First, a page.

The poor results were driven by soaring expenses linked to Wells Fargo’s scandals
and surging credit costs caused by the bank’s darkening economic view.
Wells Fargo (WFC)
suffered a loss of $2.4 billion
during the second quarter, a sharp reversal from the $6.2 billion the lender earned a year ago. The bank lost 66 cents per share, more than three times as much as feared. It’s Wells Fargo’s first loss since late 2008 during the height of the financial crisis.
Revenue dropped by a steeper-than-expected 18% to $17.8 billion.
Wells Fargo said it expects to cut its dividend to just 10 cents a share, subject to board approval. That would make Wells Fargo the first major bank to do so, underscoring the fragile state the company entered the crisis. This marks a reversal from the Great Recession, when Wells Fargo, in 2009, was among the last of the big banks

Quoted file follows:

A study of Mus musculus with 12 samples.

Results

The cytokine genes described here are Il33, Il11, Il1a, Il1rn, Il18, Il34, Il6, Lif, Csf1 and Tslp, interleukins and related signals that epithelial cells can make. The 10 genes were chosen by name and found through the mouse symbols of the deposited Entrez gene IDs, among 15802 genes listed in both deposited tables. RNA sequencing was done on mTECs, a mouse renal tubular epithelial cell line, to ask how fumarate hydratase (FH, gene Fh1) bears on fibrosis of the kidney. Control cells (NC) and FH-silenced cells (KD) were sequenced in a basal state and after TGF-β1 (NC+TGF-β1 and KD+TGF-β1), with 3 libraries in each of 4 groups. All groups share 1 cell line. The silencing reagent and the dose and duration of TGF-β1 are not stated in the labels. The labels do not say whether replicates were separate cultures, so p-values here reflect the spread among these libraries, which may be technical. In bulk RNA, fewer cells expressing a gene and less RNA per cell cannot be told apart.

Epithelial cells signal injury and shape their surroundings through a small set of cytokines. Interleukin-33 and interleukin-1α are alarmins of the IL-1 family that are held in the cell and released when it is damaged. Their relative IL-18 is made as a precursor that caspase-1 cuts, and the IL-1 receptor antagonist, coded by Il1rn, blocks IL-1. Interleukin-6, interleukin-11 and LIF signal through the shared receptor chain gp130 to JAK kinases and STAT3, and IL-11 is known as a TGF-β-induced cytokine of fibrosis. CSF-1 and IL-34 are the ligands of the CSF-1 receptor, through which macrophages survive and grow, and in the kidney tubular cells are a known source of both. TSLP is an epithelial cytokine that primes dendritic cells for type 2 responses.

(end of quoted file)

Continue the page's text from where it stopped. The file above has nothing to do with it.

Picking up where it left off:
to cut its dividend because of its relative strength.
Charlie Scharf, Wells Fargo’s CEO, said in a statement the bank is “extremely disappointed” in both its results and the expected sharp dividend cut.
Investors were also concerned by the move. Wells Fargo’s stock dropped 3% in premarket trading. The stock has lost more than half of its value so far this year.
Worries about the economy forced Wells Fargo to ramp up its allowance for credit losses for loans by $8.4 billion from the first quarter. Much of that was driven by commercial and residential real estate loans.
“Our view of the length and severity of the economic downturn has deteriorated considerably from the assumptions used last quarter,” Scharf said,” which drove the $8.4 billion addition to our credit loss reserve in the second quarter.”